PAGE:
Update: Thanks to the support of 200 generous donors and an especially generous gift from The Lyndhurst Foundation, $177,992 was raised to fund the purchase and protection of Kelly Cove-Sinkhole Preserve.
When word came through that a decades long closed pit in Marion County, TN was up for sale, SCCi knew this was a unique opportunity to protect and reopen an incredible pit...
Nearly 50 years ago, a crew of Chattanooga area cavers caught word of a few unexplored holes along a ridge just off I-24 in Marion County, TN. Walking along the ridge, it was a cool day in early March when not even the trillium had poked through the leaf litter. The forest surrounding them was mixed oak and hickory with tulip poplar and beech spread throughout; typical of a southeastern mixed hardwood forest. Spotting a cave at this time of year can be difficult. All the cool breezes consistently blowing easily mask the tell-tale breath of a cave. However, the crisp air and lack of foliage gave them the advantage of higher visibility. Navigating through the trees and occasional embedded rock exposed at the surface, they soon caught a glimpse of water pouring off rocks before it disappeared into the ground...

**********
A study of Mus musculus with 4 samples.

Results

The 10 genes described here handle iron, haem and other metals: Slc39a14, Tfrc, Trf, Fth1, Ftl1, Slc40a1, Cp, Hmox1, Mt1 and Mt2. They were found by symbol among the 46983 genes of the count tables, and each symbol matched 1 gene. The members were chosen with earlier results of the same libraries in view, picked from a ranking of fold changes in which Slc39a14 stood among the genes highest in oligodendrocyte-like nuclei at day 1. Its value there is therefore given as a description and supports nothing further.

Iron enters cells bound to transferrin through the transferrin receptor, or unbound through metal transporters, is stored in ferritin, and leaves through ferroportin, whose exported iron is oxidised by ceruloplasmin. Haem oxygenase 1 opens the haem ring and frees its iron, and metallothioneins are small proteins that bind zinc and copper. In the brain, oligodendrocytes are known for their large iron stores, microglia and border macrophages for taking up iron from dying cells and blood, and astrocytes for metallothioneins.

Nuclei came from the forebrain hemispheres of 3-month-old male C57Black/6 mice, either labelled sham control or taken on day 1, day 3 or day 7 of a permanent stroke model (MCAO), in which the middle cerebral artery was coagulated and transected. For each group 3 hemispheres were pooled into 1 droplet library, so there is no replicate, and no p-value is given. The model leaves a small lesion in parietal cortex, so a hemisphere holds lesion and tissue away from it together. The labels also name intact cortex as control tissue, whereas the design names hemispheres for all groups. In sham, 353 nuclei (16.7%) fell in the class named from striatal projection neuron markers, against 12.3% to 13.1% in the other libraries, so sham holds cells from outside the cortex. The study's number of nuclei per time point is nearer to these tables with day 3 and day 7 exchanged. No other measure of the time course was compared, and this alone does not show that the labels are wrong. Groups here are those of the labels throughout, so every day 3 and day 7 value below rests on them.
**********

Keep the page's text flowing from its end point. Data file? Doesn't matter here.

Although only a short distance from the busy highway, the roar of a waterfall crashing 164 feet into a pit drowned out the sounds of any passing vehicles.
It was 1975 and these ridgewalkers had just discovered Sinkhole.
Photo Credit Bob Biddix
For the next 20 years, cavers from the southeast and beyond journeyed to experience the pit. The L shaped cave was rapidly becoming a favorite due to it's ease of access and rich biological surroundings. As it gained in popularity, the land was beginning to show how loved it was becoming, with saplings, shrubs and wildflowers retreating to less trodden parts of the property. As the roots gave way to boots, compaction and erosion became major issues, causing concern for the landowner and caver, Harry White. Much to the dismay of the caving community Harry shared in a letter to Speleo Themes on September 6, 1994 that Sinkhole was closed to cavers.
Nearly 30 years later, SCCi has the opportunity to reopen the cave for responsible recreation and protect and manage its biological resources.
With your support this property can be protected and re-opened for responsible recreation.
Visit saveyourcaves.org/sinkhole to learn more and donate.